Jane Roh, District Attorney’s Office, 215–686–8711, Jane.Roh@phila.gov
PHILADELPHIA (March 23, 2020) — District Attorney Larry Krasner on Monday called on the judiciary of the Commonwealth to act with greater urgency to safely reduce jail and prison populations to manageable levels in order to reduce crowding, promote social distancing, and prevent further outbreaks of the novel coronavirus in government facilities and in Pennsylvania communities.
Less than a week after the District Attorney’s Office (DAO) and the Philadelphia Police Department announced arrest, charging, and detention policy changes to prevent overcrowding in jails and prisons, admissions have decreased noticeably while discharges have not increased noticeably — despite collaborative efforts by the Defender Association and the DAO to identify incarcerated people who may be released safely during the COVID-19 health emergency.
People in jail unnecessarily include:
- People being held on bail pre-trial for non-violent or non-serious offenses
- People who have served their minimum sentences and are eligible for parole
- People who are serving their sentence and are worthy of early parole
- People who are at least 60 years old, putting them at higher risk for COVID-19
- People who are already ill or infirm, putting them at higher risk for COVID-19
- People who are being held on non-violent or non-serious offenses who would not have been arrested or detained under current Police/DAO policies
- People who are being held for technical parole violations, rather than new crimes
- People who are deemed safe for alternative detention, such as house arrest or GPS monitoring
- Juvenile offenders who have appropriate options for alternatives to detention or housing (eg, juveniles who have no family or housing support will receive specialized consideration)
“Jails and prisons are landlocked cruise ships, with people in extremely close quarters and supplies such as soap and sanitation products drying up. Safely and swiftly depopulating corrections facilities is a matter of life or death for all of us, including corrections officers, health care professionals, and all corrections workers and their families; law enforcement and attorneys; incarcerated people, including those who have not been convicted of crimes; and communities at large,” District Attorney Krasner said. “Safe and swift depopulation of these facilities will enable those who become ill to be treated and appropriately isolated; mitigate panic-fueled staff attrition and prisoner violence; and enable the criminal justice system to be full partners in flattening the curve, so that infections are minimized and Pennsylvanians may once again resume normal activities — something so many desperately need.”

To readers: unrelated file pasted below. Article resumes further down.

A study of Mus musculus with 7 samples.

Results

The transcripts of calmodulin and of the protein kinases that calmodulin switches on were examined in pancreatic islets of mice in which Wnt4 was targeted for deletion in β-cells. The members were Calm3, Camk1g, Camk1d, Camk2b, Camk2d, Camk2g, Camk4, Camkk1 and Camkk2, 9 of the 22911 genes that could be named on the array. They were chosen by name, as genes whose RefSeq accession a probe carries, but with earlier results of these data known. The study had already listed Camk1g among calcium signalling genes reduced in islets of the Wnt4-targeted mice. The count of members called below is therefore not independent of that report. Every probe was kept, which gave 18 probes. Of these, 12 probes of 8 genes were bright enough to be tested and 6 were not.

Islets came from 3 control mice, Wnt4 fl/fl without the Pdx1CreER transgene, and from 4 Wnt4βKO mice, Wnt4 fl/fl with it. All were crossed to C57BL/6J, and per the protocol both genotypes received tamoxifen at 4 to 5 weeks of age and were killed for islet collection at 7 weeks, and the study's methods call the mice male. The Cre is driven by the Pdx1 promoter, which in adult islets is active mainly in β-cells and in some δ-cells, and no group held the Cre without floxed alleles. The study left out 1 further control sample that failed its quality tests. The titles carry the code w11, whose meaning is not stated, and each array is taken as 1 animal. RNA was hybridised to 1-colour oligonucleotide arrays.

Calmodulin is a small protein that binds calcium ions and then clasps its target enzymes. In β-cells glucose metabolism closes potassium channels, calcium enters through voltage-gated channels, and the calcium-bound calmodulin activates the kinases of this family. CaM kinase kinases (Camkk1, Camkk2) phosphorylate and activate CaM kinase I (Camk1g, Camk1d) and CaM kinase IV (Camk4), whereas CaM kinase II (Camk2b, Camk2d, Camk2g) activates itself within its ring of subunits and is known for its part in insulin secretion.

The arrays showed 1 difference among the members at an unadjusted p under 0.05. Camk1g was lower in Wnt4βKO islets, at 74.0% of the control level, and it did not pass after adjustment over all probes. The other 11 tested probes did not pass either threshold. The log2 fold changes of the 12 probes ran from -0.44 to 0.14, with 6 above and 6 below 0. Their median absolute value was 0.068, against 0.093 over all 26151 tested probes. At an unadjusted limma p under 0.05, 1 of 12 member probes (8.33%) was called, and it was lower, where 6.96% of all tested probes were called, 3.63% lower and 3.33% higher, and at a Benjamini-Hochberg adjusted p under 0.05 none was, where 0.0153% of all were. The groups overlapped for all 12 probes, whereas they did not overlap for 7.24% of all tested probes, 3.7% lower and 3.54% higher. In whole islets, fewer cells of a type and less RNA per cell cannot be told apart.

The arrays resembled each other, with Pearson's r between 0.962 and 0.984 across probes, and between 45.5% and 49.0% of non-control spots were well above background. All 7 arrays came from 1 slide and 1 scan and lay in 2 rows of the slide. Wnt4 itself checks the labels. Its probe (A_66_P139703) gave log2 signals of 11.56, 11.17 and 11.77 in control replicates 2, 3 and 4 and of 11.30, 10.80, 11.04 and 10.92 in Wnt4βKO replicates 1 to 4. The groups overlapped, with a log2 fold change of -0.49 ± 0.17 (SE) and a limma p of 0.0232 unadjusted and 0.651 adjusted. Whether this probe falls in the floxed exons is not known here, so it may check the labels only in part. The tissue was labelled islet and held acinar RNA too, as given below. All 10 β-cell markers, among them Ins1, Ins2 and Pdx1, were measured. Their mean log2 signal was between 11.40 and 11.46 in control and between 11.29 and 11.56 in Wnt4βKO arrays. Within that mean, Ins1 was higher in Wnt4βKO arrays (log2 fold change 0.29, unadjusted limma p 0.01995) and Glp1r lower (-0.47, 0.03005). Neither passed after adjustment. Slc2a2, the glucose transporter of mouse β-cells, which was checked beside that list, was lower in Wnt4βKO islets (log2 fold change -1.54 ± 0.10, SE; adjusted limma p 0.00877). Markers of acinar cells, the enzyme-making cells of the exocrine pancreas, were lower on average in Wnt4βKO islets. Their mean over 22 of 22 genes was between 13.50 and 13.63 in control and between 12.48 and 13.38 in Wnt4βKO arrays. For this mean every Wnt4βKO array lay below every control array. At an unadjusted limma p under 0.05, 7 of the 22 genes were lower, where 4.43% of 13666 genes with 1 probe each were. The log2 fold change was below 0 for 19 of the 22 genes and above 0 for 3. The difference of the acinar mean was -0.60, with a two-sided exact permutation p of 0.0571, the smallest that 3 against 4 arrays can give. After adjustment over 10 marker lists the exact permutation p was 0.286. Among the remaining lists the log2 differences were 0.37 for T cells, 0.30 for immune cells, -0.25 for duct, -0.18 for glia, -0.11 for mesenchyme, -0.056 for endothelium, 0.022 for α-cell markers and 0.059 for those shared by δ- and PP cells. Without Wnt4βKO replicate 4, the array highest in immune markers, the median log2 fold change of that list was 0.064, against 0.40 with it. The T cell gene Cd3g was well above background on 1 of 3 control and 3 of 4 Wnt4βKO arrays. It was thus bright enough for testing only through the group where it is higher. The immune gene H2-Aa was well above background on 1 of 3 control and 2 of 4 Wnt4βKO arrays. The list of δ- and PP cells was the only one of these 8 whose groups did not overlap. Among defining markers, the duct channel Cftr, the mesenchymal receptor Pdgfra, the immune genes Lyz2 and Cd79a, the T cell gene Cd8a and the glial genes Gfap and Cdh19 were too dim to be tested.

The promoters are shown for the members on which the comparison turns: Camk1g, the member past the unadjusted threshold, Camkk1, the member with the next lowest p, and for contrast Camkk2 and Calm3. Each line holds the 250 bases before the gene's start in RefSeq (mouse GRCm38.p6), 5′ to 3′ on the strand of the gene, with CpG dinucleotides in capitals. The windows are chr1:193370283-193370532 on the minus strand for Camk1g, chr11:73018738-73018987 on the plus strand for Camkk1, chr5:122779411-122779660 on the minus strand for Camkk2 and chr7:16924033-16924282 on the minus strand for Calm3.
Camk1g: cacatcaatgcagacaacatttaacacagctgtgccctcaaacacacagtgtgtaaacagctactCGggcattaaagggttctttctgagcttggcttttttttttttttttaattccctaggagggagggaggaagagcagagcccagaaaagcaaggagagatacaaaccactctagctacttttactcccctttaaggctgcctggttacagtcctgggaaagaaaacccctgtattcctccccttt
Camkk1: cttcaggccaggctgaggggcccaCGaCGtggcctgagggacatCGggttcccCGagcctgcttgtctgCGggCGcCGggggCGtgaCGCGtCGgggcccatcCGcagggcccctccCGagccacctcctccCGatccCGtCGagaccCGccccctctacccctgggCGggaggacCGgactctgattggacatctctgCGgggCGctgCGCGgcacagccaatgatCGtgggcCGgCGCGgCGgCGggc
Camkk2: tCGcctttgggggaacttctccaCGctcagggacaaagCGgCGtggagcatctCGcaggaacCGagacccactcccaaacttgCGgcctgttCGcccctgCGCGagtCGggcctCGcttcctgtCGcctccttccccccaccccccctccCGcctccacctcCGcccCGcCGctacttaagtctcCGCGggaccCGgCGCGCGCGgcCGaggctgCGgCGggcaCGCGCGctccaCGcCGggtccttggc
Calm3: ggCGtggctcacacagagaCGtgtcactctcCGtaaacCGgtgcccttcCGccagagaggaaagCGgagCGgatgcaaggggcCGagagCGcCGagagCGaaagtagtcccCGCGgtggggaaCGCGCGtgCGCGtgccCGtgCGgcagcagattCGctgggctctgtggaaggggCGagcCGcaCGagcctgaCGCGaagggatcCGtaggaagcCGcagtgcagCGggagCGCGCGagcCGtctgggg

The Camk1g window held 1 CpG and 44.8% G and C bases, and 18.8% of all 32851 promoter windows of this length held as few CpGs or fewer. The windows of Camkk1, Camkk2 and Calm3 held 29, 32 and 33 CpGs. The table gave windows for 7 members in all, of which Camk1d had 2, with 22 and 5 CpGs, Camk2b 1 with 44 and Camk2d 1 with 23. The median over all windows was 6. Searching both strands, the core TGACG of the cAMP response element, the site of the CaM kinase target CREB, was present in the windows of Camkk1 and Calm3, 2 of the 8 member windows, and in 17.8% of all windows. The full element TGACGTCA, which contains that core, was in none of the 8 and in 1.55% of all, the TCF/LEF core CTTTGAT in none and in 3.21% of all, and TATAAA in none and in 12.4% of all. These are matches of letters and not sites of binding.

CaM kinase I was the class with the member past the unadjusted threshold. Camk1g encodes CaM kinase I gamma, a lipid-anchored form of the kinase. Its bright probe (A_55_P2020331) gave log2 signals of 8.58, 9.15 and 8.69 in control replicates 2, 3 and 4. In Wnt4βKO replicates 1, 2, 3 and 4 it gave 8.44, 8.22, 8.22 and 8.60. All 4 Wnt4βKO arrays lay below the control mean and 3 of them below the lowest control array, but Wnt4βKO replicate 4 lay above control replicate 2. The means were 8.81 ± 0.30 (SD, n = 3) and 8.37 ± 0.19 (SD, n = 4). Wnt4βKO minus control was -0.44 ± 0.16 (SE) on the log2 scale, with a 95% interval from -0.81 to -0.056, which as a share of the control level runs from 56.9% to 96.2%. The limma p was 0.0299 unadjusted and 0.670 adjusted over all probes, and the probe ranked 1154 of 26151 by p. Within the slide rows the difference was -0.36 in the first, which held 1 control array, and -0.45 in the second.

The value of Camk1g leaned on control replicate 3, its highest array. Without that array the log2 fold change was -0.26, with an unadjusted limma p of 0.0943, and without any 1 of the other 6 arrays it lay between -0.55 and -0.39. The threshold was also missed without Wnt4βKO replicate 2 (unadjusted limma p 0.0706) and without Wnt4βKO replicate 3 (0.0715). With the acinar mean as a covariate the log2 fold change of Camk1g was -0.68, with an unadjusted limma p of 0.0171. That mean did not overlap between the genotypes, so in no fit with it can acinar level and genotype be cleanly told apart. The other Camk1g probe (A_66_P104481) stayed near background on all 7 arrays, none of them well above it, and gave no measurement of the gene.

States across the country, including Texas and California are taking necessary actions to safely reduce jail and prison populations in order to stop the spread of COVID-19. The New Jersey Supreme Court, citing “profound risk posed to people in correctional facilities arising from the spread of COVID-19,” issued an emergency order on Sunday that, per the ACLU of New Jersey, could result in the release of 1,000 people.
As of Monday afternoon, the DA, Defender, and the private defense bar were still requesting additional instruction from the First Judicial District for emergency motions to lower bail, lift detainers, and for parole. Video hearings are still not being utilized as they are in other jurisdictions.
In its March 18th order declaring a judicial emergency closing all Pennsylvania courts, the state Supreme Court specifically instructed judicial districts as follows: “Use of advanced communication technology to conduct court proceedings is, again, SPECIFICALLY AUTHORIZED AND ENCOURAGED IN ALL DISTRICTS [court’s emphasis], subject only to constitutional limitations.”
“According to the NYU Public Safety Lab, there has been a 9% reduction in the prison population nationwide in response to this health emergency. Outrageously, Pennsylvania — one of the most highly incarcerated and over-supervised states in the nation — is not helping to drive those reductions,” District Attorney Krasner said. “Every institution that has power to help mitigate the COVID-19 public health emergency has a responsibility to do so — from township councils to Congress to municipal courts. Philadelphia’s effort to stave off a local pandemic has the support of my office, the Defender Association, the Police, and even the FOP. I urge the First Judicial District and all judicial districts to help us protect millions of Pennsylvanians by keeping front-line medical and first responders safe and strong in order to manage this crisis.”
The DAO will continue to share updates related to COVID-19 on social media feeds (@philadao on Twitter), and will encourage members of the public to check the city’s information website for important updates: phila.gov/COVID-19.
The Philadelphia District Attorney’s Office is the largest prosecutor’s office in Pennsylvania, and one of the largest in the nation. It serves the more than 1.5 million citizens of the City and County of Philadelphia, employing 600 lawyers, detectives, and support staff. The District Attorney’s Office is responsible for prosecution of approximately 40,000 criminal cases annually.